Resolution Series: Weight Management with Diet


The concept of “a calorie is a calorie” is worth taking a look at. Many people have the perception that weight loss equals calories burned minus calories consumed. And that may work in the short term, but if you are looking for long-term results, the source of the calories is important. After all, eating 1,200 calories of junk or processed food yields very different results compared to eating 1,200 calories of balanced nutrition. Here are some important aspects to consider.

Tips For Healthy Food Choices

Good fats: High-quality fats from avocados, fish such as salmon, and nuts and seeds should have a place in your diet. The fats in these foods will help keep you full and satisfied longer. This will help prevent over-eating, which will help you restrict your calories for weight loss.

Cut the sugar and the cravings: Americans on average consume 250 grams of sugar per day (which is 10 times the recommended amount). Not only does consuming this much sugar lead to weight gain, but it is also associated with an increased risk of obesity, type 2 diabetes, heart disease and gout, and it has even been linked to cancer.

The next time you “need” chocolate, take a moment to tune in to your body. Notice your emotions. Food cravings are often related to mood, but can also alert you that your body wants to correct a nutrient imbalance. When you feel the craving, try eating colorful meals of fresh food. A mix of protein, complex carbohydrates and healthy fats helps balance blood sugar levels and provides lasting energy. Try drinking a full glass of water to see if your body was really craving hydration. Avoid highly sweet or artificial foods designed to trigger cravings. Food cravings tend to last 10-15 minutes, so wait before responding to them.

Portion sizes: Eating at restaurants makes it easy to overeat, especially when they offer all-you-can-eat buffets and serve overflowing plates of food. Managing the size of your portions is key to maintaining a healthy weight. When eating at restaurants, get into the habit of taking half of your meal home, and when eating at a buffet, use a smaller-size plate and skip that trip for seconds. Having handy examples of portion sizes is a helpful tool for controlling your portions. Here are some examples of reasonable portions:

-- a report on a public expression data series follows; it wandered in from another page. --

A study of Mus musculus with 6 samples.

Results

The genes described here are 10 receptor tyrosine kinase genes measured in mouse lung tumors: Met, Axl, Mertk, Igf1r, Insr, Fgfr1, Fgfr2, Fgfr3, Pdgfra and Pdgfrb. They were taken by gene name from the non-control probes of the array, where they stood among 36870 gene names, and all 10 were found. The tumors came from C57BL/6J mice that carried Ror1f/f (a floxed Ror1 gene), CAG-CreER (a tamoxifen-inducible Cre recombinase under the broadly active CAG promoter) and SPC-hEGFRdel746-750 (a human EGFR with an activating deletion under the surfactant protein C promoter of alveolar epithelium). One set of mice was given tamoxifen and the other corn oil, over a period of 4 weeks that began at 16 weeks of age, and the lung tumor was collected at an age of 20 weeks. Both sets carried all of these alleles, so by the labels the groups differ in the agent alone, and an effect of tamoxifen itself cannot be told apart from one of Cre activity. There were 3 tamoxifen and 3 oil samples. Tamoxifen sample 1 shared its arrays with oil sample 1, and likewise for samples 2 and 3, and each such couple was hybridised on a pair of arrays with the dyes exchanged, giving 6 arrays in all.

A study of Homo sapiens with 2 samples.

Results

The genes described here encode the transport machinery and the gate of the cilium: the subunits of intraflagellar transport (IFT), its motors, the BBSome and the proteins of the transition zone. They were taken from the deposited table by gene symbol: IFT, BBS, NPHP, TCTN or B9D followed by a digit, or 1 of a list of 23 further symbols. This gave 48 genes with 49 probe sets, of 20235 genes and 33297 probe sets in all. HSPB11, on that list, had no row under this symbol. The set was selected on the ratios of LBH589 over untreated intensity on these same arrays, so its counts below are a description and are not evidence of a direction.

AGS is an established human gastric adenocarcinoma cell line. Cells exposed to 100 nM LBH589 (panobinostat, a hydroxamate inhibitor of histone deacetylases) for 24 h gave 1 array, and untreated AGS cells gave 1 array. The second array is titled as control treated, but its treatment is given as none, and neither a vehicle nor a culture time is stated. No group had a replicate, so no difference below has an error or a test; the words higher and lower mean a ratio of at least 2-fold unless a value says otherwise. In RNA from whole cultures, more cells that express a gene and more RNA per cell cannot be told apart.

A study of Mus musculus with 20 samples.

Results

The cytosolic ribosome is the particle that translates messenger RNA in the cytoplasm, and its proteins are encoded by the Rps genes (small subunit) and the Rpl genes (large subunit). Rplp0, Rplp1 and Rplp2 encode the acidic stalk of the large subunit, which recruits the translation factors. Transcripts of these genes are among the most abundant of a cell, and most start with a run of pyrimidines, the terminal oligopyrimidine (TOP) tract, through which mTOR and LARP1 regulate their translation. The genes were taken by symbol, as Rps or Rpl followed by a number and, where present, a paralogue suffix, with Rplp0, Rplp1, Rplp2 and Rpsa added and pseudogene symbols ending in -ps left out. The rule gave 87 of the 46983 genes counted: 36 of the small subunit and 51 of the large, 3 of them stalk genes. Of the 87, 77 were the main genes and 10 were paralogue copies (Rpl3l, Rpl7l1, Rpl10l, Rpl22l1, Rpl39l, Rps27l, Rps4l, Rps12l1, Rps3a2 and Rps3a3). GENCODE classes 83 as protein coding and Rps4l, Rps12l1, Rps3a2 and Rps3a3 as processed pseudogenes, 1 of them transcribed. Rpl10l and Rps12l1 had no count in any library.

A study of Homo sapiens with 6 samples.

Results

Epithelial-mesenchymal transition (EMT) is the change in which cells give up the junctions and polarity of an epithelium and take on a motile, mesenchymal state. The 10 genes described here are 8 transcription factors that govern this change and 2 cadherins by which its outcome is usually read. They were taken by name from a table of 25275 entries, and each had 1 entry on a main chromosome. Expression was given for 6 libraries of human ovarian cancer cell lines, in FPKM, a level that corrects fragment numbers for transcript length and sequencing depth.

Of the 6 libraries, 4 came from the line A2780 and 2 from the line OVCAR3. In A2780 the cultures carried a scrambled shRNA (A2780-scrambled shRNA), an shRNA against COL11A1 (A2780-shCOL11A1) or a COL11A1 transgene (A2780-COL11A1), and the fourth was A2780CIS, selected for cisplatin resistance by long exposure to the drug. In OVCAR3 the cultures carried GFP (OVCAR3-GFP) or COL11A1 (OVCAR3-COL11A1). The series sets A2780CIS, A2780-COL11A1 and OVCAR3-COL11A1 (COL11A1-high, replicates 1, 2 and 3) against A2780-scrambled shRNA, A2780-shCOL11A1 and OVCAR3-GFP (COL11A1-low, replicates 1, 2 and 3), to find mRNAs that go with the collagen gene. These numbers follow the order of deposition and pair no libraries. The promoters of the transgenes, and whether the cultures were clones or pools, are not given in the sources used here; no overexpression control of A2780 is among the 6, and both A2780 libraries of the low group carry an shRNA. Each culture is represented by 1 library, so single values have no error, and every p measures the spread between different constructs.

Protein – 2 to 3 servings per day
Healthy fats / oils – 2 servings per day
Calcium-rich foods – 3 servings per day
Complex carbohydrates – 3 servings of starches and 7 to 8 servings of vegetables/ fruits per day

One serving equals:

Deck of cards = 3 ounces of lean meat, fish, poultry or pork
Rounded handful (only in palm) = ½ cup of rice, pasta, cut fruit
Four dice = 1 ounce natural cheese

Baseball = apple, orange
Thumb tip = 1 tsp butter
Computer mouse = potato
Golf ball = 2 tbsp nut butter

Meal replacement: Do you run out the door before eating breakfast? Or do you get caught up with daily chores and before you know it you are devouring a bag of chips? If you have no time for a healthy meal, consider a meal replacement. A high-quality protein shake can be made ahead and consumed on the go. Whey protein, such as Pathway Whey Protein, contains all of the essential amino acids in biologically significant amounts. The whey protein concentrate used in this formula is derived from grass-fed cattle, does not contain any synthetic hormones such as rBGH, and is produced through an ion-exchanged, ultra filtration process that yields the highest level of protein and amino acids.

Photo from here, with thanks.

    Paula Gallagher
    Paula is a highly qualified and experienced nutrition counselor on the staff at Village Green.
    Debi is a registered dietitian with a master’s degree in nutrition, a personal trainer, and whole health coach.
    Dr. Rav Ivker is a holistic family physician, health educator, and best-selling author.
    Susan writes about the connection between plant-based diets and a reduced risk of chronic diseases.